Posted by Bradley in : Uncategorized , trackback

The UK Government (Treasury and BERR) is consulting on the question of how to separate the functions of the OFT in respect of Consumer Credit and the functions of the FSA in relation to mortgages. The consultation responds to concerns identified by stakeholders:

Stakeholders have recently identified circumstances where some firms could potentially find themselves having to comply with both regimes simultaneously for certain types of transaction. This paper sets out the issues and the Government’s proposals for legislation to tackle these areas of potential dual regulation.

Before publishing the consultation document the Treasury and BERR discussed the issues with the Council of Mortgage Lenders, the FSA and the OFT (not apparently with any consumer groups, which raises issues about who gets to frame regulatory issues). Parts of the document are particularly technical and opaque:

In order to address these concerns the Government introduced legislation so as to disapply section 82(2) and section 82(3) wherever the modifying agreement was an RMC. In effect, this meant that the first agreement and the modifying agreement were treated as separate agreements for the purposes of the CCA. The RMC would be regulated only by the FSA and the first agreement would be subject to the CCA, where applicable. (footnote omitted)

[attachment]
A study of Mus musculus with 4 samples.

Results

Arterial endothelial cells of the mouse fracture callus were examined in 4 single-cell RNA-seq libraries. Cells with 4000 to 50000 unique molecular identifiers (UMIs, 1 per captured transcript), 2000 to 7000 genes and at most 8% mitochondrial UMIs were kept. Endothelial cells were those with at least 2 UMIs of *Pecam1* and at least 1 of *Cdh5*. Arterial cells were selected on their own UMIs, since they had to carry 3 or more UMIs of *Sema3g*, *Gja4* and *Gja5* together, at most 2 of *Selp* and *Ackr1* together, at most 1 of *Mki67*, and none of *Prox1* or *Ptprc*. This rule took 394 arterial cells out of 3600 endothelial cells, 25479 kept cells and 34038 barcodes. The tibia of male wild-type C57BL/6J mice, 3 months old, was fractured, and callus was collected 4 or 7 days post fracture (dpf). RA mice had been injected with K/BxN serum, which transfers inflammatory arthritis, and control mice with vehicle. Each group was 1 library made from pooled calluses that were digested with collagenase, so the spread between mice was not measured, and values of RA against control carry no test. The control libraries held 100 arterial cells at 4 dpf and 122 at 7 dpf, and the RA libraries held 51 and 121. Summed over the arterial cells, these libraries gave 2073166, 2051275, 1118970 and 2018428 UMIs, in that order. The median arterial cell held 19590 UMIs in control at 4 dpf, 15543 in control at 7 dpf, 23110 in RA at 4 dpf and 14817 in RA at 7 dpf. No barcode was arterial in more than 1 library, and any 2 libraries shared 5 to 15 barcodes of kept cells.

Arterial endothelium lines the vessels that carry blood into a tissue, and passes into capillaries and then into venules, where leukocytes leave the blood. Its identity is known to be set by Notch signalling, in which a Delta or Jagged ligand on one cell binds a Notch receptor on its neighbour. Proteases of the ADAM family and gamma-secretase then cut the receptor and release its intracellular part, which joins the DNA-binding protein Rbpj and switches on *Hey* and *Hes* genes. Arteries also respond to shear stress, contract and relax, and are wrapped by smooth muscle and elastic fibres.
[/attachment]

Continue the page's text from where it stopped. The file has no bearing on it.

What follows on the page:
The Government proposes that mortgages regulated by the FSA are subject only to the FSMA and not to the Consumer Credit Act. The plan is to eliminate uncertainty:

The Government recognises that lending institutions are keen to avoid the possibility of dual regulation. When the financial limit on CCA regulation is lifted in April 2008 there may be more cases where uncertainty arises as to whether both regimes apply. Some lenders have suggested that agreements that are incorrectly documented may be unenforceable, and that they are considering strategies to mitigate these risks,
for example by re-writing any affected agreement. They suggest that this would result in administrative costs that may be passed on to the consumer. Additionally, those lenders that rely on wholesale funding arrangements like securitisation suggest that they may incur further costs if they refinance contracts which have been sold on as part of a bundled package.

I can’t imagine that this document will generate much consumer response. Although it refers to the Code of Practice for Written Consultation, including the principles that the consultation should be “clear, concise and widely accessible”, be clear about who may be affected and allow a minimum of 12 weeks for consultation, it conflicts with these principles in many ways. It’s not very clear to the uninitiated what the implications may be (consider for example the OFT’s recent aggressive protections of consumers of financial services) and the period for consultation includes the holiday season.